Titusville, FL |

An adult son and his girlfriend are staying in his mother's house. They don't pay rent, there is no lease agreement, etc. They do not contribute anything to their own living expenses despite both having jobs.

Bottom line, the son is not willing to negotiate with his mother or change his ways without being forced to do so. What is the legal action for a parent to take in this situation? The son claims that because he receives mail there, it is considered his home (despite not paying anything for it) and by FL law he needs a 30-day eviction notice. Is this true and are there any exceptions to the time frame, such as mother feels threatened, etc?


Best Answer

To remove a person from real property, an owner will use ejectment, unlawful detainer or eviction.

Eviction is only for tenancies, and this situation does not fit.

Ejectment is a broader lawsuit, is filed in circuit court, and costs a little more (about $100.00 more).

Unlawful detainer is narrower, filed in county court, and is a little cheaper.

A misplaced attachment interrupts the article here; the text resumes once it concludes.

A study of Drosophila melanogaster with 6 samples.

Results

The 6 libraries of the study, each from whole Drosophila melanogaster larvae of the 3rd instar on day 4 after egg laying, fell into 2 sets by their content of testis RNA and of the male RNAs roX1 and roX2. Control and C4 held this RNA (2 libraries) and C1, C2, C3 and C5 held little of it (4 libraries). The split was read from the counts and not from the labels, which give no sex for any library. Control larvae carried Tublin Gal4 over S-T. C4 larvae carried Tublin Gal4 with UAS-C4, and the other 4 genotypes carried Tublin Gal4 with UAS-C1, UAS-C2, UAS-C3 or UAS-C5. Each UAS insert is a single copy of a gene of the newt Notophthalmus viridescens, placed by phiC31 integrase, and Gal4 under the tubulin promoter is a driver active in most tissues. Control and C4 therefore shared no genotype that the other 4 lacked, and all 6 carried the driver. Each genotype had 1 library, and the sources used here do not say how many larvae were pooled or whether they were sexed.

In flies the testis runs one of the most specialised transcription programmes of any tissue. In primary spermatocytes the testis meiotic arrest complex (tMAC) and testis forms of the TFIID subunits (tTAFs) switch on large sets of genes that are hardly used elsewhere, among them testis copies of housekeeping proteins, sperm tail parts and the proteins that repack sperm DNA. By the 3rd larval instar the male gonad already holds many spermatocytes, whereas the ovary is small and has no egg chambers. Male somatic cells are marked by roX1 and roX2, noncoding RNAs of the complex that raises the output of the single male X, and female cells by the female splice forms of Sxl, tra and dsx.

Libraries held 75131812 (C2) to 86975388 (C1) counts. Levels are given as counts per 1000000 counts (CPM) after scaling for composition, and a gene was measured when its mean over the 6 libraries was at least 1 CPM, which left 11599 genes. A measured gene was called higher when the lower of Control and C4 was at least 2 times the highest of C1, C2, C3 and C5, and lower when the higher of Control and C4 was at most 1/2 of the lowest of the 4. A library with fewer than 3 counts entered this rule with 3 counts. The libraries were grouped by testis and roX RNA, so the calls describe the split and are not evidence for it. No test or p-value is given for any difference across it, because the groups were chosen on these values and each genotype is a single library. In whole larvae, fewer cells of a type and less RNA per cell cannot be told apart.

The property owner should seek a local landlord lawyer who will look over the facts and decide which way to go.

In the meantime, the property owner can serve a notice that states the property owner no longer wish the occupants to be on the property and must remove themselves immediately. Place two copies on the front door and mail two originals certified mail return receipt requested to the property address. Keep four copies for your file.

All property owners should sign the notice. If you are unsure as to who is on title, go to the county property appraiser's website.

You can tell the son (although you are not obligated to do so) that he is not a tenant, so the 30-day rule he heard about does not apply. He must remove himself immediately. He and the girlfriend can be sued for the costs of the lawsuit and attorney fees.

Good luck!


Give 30 days notice--simple. Clean. Effective. Lawful.

If he refuses to leave--file the unlawful detainer--just as for any other tenant.

His kin relationship does not affect his status or rights as a tenant or the mother's obligations under the law as the 'landlord'. At least not on the facts you provided.

If mother is being threatened, she should call the police.